Public Health England on e-Cigarettes

by | Oct 16, 2017 | Health, Statistics, Vaping

Public Health England (PHE), a government agency, published a detailed report on electronic cigarettes that describes them as far less dangerous than the conventional kind and recommends them as a harm-reducing alternative. “Encouraging smokers who cannot or do not want to stop smoking to switch to EC [electronic cigarettes] could help reduce smoking-related disease, death and health inequalities,” the report says. “Smokers who have tried other methods of quitting without success could be encouraged to try EC to stop smoking, and stop smoking services should support smokers using EC to quit by offering them behavioural support.”

PHE’s position should not be controversial. It is indisputable that vaping, which does not involve tobacco or combustion, is much safer than smoking, and it logically follows that smokers can dramatically reduce the health risks they face by switching. Yet public health agencies and anti-smoking organizations in the United States, unlike their counterparts in the U.K., are strangely reluctant to acknowledge these points, implausibly portraying e-cigarettes as a threat rather than an opportunity. The British example points the way to a calmer, more rational approach that is consistent with the public health goal of reducing the morbidity and mortality associated with smoking.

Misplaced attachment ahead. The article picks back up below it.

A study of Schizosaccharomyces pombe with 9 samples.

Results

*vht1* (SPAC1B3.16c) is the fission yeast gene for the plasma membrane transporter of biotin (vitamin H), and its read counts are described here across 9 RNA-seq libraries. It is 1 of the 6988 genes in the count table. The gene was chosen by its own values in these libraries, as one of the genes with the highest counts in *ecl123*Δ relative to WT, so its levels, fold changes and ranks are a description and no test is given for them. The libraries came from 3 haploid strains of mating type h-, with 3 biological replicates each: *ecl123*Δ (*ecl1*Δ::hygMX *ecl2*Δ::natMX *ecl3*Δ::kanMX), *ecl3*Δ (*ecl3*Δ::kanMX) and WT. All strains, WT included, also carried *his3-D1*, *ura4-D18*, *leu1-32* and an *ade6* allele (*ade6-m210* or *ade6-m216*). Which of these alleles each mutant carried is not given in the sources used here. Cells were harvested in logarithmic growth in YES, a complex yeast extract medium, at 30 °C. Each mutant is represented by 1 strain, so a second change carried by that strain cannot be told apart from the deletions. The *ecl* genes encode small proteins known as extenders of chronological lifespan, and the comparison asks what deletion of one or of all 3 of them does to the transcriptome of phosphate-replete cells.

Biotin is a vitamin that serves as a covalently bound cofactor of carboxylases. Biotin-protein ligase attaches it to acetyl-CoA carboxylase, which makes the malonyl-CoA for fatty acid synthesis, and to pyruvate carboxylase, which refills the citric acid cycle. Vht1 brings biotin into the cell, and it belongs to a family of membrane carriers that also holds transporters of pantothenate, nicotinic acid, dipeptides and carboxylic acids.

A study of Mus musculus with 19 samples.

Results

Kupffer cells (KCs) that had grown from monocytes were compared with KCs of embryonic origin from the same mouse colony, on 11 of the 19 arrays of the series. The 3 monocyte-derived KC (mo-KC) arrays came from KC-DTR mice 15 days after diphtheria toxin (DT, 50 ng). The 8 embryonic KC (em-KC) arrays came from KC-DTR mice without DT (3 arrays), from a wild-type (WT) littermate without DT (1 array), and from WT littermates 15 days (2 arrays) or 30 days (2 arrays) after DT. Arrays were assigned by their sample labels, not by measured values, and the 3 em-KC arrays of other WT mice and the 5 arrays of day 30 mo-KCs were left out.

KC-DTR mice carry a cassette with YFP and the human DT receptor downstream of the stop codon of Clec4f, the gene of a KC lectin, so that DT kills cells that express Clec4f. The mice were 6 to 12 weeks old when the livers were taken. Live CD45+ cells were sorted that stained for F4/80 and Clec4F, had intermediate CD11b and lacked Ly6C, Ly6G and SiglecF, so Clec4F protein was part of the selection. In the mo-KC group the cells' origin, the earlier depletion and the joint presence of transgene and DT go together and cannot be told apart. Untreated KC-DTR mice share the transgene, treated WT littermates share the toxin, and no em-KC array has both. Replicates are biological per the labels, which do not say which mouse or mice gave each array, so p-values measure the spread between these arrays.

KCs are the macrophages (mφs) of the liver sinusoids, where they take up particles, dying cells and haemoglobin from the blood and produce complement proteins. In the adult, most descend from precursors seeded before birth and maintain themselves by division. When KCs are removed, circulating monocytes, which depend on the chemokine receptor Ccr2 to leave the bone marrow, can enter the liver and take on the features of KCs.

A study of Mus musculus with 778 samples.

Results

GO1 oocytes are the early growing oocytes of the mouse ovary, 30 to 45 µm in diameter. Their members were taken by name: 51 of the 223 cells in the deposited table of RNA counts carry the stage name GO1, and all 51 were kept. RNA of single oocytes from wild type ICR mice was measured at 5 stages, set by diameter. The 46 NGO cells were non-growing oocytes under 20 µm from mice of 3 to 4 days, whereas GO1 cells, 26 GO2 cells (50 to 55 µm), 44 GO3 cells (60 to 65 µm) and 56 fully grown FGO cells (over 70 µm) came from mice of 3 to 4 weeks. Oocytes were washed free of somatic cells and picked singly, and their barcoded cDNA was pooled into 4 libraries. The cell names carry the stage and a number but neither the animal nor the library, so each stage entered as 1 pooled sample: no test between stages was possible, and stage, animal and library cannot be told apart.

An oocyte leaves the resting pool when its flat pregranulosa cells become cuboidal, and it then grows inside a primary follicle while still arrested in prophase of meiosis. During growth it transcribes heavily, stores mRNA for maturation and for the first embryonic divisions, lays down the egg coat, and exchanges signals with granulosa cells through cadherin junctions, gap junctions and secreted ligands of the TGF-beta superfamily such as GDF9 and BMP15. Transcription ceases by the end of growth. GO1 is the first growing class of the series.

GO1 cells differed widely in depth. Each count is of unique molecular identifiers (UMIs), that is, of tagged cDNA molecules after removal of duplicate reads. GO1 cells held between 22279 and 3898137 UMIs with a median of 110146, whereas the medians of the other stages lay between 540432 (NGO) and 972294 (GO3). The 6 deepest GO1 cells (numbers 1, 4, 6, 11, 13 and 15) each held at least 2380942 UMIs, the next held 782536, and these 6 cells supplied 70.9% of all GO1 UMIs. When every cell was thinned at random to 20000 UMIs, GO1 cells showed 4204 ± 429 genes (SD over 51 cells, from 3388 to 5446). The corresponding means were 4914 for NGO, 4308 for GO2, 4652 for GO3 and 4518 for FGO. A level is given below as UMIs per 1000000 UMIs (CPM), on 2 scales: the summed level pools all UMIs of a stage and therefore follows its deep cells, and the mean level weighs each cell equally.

The PHE report, which was overseen by Peter Hajek, a professor of clinical psychology at the Wolfson Institute for Preventive Medicine, and Ann McNeill, a professor of psychiatry, psychology, and neuroscience at King’s College London, is very clear on the relative hazards of smoking and vaping:

While vaping may not be 100% safe, most of the chemicals causing smoking-related disease are absent and the chemicals which are present pose limited danger. It has been previously estimated that EC [electronic cigarettes] are around 95% safer than smoking. This appears to remain a reasonable estimate.

The evidence concerning e-cigarettes’ effectiveness in helping smokers quit is more limited but promising:

Recent studies support the Cochrane Review findings that EC can help people to quit smoking and reduce their cigarette consumption. There is also evidence that EC can encourage quitting or cigarette consumption reduction even among those not intending to quit or rejecting other support. It is not known whether current EC products are more or less effective than licensed stop-smoking medications, but they are much more popular, thereby providing an opportunity to expand the number of smokers stopping successfully.

The PHE report warns that misinformation about e-cigarettes, including sensational press coverage of weak or overinterpreted studies, is warping public perceptions of the risks posed by vaping, possibly deterring smokers from making a switch that could save their lives. British surveys indicate that misperceptions have increased in recent years. A survey of adults sponsored by the British group Action on Smoking and Health—which, unlike the American group of the same name, supports e-cigarettes as an aid to quitting—found that the share of respondents who incorrectly described e-cigarettes as “more harmful” than tobacco cigarettes or “equally harmful” rose from about 8 percent in 2012 to 20 percent in 2014. Another 23 percent said they did not know.

There is a need to publicise the current best estimate that using EC is around “95% safer than smoking,” the PHE report concludes. In this country, however, public health agencies and anti-smoking groups seem determined to obfuscate that crucial point.